Some Like It Hot (But I Doubt They Meant THIS Hot)
Working outdoors makes us WARRIORS. We’re out there with the farmers and the road crews, baking our biscuits, every day. While we have time to get used to it, our customers don’t and often just can’t even.
How can we make things more comfortable for them? How can we make things a little cooler for us? Here are a few ideas you can read in an air-conditioned space:
Mister Fans—They make great fans that spit out a mist so fine that you feel cool but not ever wet. They start at about $100 and while they’re atop tall pillars, I’m thinking about wearing a pair as earrings.
Selling Cool Beverages—I’d buy a cool drink at the checkout, for sure, but I’d pay twice for a roaming vendor to hit me up when I’m cruising the scented geranium display. Do they have to be unique or garden-related drinks? No, but that certainly is an opportunity set up for the grabbing.
A Place to Splash—I run with a mom crowd and I don’t know any moms that can physically pass up a splash pad. It’s like a magnet to a fridge. Now, an actual splash pad is a pretty big deal, but you can probably come up with something splashy and fun. Even just loaner squirt guns for the littles while they’re stuck shopping with their parentals.
Actual Ice Cream—Pretty much the same as the drinks, but much naughtier and exciting.
Shade Sails—Install a shade sail (or series of them) to provide a little relief. There was a time that these were prohibitively expensive, but that’s no longer the case. While you’re at it, I bet you could sell a half whiskey barrel of them ...
Duluth Trading Wear—I don’t know if it works, but they have all kinds of clothing that’s supposed to be cooling. I have a dress from that line and I just can’t say if it works. I can attest that it does a great job at keeping the sun off me.
Industrial Fans—Think about all the things they might use to cool: Lollapalooza or a huge theme park. Really, is there any difference between your garden center and Coachella?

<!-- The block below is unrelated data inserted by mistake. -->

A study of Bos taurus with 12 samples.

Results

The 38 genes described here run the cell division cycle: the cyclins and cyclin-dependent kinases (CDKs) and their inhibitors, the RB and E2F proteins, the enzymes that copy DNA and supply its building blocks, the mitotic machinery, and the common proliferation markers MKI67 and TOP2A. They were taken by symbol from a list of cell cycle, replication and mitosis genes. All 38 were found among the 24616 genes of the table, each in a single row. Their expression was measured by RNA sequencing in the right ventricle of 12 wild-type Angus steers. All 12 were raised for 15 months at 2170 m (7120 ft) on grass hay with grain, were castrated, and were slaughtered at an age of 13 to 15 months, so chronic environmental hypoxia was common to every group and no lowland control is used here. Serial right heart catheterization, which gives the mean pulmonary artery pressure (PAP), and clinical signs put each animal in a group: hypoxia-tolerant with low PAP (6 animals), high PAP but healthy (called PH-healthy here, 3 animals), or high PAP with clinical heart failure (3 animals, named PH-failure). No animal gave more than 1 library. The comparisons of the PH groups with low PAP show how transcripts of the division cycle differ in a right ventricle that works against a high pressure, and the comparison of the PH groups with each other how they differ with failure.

Every Day is “Wacky Hat Day”—If your employees are covered from the sun, they’ll be cooler and possibly have some fun. If they’re having fun, that fun is contagious. Is it a leap to suggest it may encourage your customers to also wear wacky hats? Have you MET gardener ladies? They’re just looking for a place to throw down their wacky hat prowess!
Promotional Parasols—A long time ago, a lady might keep the sun off of her by using a parasol. Parasols seem a tad bit precious for our rough-and-tumble garden centers, but we have umbrellas. Is there an umbrella that will clamp onto shopping carts to provide a little personal shade? I’m 1,000% sure there is.
Well-Timed Deliveries—I can remember being so caught up in a cycle of being overheated at the garden center that all I could eat was cucumbers and I lost 30 pounds in one month. Also, because I was in my 20s (obviously, this was really recently), I’d go out and drink all night. I was not doing well, but I looked fabulous.
Shaded Parking—There’s nothing like packing those newly purchased plants in a car that doubles as a pizza oven.
Trying to keep your staff and customers comfortable is usually way out of your control, but there’s always a way to make an effort. Sometimes that effort is all you need to be a little cooler. GP
Amanda Thomsen is a funky, punky garden writer and author. Her blog is planted at KissMyAster.com and you can follow her on Facebook, Twitter AND Instagram @KissMyAster.